But the first real surge in activity would come only after voter approval and could be restrained even then because of the transportation project's long timeline, he said. "I'm not necessarily in a position today to buy land I'm going to sit on for seven to 10 years while some massive public works project validates my assumption."
It just costs too much to buy land and hold it for a decade, until light rail comes along, Shapiro said. "Most people have to see that it's really happening. When the construction starts, then everyone takes it more seriously."
Once a light-rail route and station sites are finalized, Johnson said, property values would "really take off."
Transportation leads to access which leads to development. So the argument that its just for developers is really a non-starter because opponents development of choice is just not the development that is environmentally sustainable. And right now with the awareness of climate change, they are losing the war. Haven't you noticed the noise machine turning its volume up to 11? They are getting scared and like a caged animal are attacking with their backs against the wall. Thats when they are most dangerous. Thats also when they get ridiculous and start proposing toll tunnels under cities and super freeway expansions.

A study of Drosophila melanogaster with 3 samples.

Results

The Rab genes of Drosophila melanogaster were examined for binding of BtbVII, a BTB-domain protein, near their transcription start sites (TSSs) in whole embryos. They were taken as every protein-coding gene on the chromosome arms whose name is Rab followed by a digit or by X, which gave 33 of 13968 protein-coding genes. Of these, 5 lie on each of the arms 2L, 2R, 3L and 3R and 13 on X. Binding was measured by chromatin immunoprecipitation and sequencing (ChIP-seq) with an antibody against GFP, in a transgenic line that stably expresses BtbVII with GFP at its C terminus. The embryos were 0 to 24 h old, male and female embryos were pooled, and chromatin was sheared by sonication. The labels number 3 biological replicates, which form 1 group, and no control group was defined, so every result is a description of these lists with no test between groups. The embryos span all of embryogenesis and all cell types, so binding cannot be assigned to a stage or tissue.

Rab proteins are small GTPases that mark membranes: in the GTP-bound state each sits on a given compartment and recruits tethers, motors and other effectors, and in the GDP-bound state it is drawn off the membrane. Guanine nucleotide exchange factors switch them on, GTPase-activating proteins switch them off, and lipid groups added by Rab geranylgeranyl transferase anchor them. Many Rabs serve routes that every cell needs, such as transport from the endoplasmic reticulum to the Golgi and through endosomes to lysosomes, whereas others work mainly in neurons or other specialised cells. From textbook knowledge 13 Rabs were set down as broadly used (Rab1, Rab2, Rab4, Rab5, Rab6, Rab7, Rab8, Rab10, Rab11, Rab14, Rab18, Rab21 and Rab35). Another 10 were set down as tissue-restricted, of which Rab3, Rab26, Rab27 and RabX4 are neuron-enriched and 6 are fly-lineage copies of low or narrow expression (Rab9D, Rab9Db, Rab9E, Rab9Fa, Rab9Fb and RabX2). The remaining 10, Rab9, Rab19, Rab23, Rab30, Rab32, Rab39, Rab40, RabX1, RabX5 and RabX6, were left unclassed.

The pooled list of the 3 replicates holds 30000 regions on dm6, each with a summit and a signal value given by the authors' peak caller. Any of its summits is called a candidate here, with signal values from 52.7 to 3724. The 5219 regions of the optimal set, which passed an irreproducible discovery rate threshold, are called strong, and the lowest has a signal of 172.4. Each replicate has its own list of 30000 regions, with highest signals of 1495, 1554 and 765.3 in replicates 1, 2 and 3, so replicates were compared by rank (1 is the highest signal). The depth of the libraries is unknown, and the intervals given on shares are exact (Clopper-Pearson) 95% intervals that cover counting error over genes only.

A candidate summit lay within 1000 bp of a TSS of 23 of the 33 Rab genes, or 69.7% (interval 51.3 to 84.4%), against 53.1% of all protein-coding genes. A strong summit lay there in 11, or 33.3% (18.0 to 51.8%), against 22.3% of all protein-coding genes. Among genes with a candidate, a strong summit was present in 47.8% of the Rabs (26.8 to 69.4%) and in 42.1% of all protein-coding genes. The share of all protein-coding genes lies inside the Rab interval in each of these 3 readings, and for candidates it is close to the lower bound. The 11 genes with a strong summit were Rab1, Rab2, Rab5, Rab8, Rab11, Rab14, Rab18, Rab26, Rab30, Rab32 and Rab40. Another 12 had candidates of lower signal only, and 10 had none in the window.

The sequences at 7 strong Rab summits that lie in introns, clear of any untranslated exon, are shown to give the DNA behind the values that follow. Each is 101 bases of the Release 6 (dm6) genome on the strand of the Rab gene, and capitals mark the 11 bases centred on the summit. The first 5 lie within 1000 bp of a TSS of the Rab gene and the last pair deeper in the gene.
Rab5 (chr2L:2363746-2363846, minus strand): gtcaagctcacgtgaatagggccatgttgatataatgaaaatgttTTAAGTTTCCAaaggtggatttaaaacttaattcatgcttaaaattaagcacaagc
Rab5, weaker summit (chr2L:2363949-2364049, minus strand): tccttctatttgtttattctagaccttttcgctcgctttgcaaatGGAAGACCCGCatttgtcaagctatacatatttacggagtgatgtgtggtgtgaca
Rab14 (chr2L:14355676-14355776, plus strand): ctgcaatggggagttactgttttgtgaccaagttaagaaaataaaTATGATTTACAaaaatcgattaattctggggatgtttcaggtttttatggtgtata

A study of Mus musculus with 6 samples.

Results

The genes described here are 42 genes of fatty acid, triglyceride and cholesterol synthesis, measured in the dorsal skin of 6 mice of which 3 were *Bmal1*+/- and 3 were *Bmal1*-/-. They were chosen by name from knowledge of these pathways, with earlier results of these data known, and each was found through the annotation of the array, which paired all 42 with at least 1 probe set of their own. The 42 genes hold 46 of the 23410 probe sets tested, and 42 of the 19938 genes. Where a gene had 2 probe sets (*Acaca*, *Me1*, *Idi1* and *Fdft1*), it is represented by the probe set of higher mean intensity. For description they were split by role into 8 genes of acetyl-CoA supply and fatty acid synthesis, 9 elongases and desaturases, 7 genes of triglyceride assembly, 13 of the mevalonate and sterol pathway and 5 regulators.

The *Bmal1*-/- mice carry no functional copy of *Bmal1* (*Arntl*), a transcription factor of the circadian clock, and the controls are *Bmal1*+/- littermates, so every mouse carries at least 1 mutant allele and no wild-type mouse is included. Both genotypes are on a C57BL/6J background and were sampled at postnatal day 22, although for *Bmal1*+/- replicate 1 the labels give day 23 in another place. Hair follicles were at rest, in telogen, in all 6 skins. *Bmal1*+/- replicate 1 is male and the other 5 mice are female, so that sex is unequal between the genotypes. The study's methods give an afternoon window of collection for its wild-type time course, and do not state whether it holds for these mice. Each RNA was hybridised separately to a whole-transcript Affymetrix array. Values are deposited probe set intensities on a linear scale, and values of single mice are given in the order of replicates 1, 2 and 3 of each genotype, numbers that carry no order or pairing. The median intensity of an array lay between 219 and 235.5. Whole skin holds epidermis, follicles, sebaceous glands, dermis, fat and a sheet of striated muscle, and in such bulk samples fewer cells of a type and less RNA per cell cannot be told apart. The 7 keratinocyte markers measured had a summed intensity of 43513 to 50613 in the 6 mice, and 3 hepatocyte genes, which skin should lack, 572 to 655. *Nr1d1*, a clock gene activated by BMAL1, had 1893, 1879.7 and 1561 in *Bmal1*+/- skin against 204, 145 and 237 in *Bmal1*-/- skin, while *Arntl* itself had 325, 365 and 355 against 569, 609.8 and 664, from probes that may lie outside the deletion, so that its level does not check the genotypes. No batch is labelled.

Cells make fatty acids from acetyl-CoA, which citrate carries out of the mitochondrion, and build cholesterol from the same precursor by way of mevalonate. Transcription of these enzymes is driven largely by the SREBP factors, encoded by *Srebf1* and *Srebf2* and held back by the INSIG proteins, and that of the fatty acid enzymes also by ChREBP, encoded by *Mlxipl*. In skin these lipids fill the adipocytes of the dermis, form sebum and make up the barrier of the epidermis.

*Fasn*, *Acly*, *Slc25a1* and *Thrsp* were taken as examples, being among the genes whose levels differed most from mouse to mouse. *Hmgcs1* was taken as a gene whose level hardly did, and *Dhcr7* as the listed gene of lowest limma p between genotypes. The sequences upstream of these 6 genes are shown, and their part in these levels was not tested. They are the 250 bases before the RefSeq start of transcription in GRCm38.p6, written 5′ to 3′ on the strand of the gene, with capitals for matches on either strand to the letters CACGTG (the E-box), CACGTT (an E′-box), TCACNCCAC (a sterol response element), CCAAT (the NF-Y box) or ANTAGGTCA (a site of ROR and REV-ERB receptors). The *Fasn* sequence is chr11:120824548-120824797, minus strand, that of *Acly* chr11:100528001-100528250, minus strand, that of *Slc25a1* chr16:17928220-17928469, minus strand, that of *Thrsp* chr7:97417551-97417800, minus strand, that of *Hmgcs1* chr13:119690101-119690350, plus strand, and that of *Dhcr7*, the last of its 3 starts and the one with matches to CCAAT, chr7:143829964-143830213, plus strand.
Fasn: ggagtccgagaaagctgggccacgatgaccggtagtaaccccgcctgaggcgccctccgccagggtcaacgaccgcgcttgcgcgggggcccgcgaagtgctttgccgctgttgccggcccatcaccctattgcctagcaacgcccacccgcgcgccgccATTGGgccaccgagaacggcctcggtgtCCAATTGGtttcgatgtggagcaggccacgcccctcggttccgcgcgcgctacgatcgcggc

So when we are talking about light rail or streetcars and development, don't let anyone get away with the argument that its just a ploy for developers. There are always going to be good developers and bad ones on both sides of the coin. And yes they make a good amount of money, and they take a sizable amount of risk to make it. But if it is between sprawl and compact transit oriented development, I'm in favor of the access transit provides to build the compact stuff. Just don't forget to lower the parking requirements.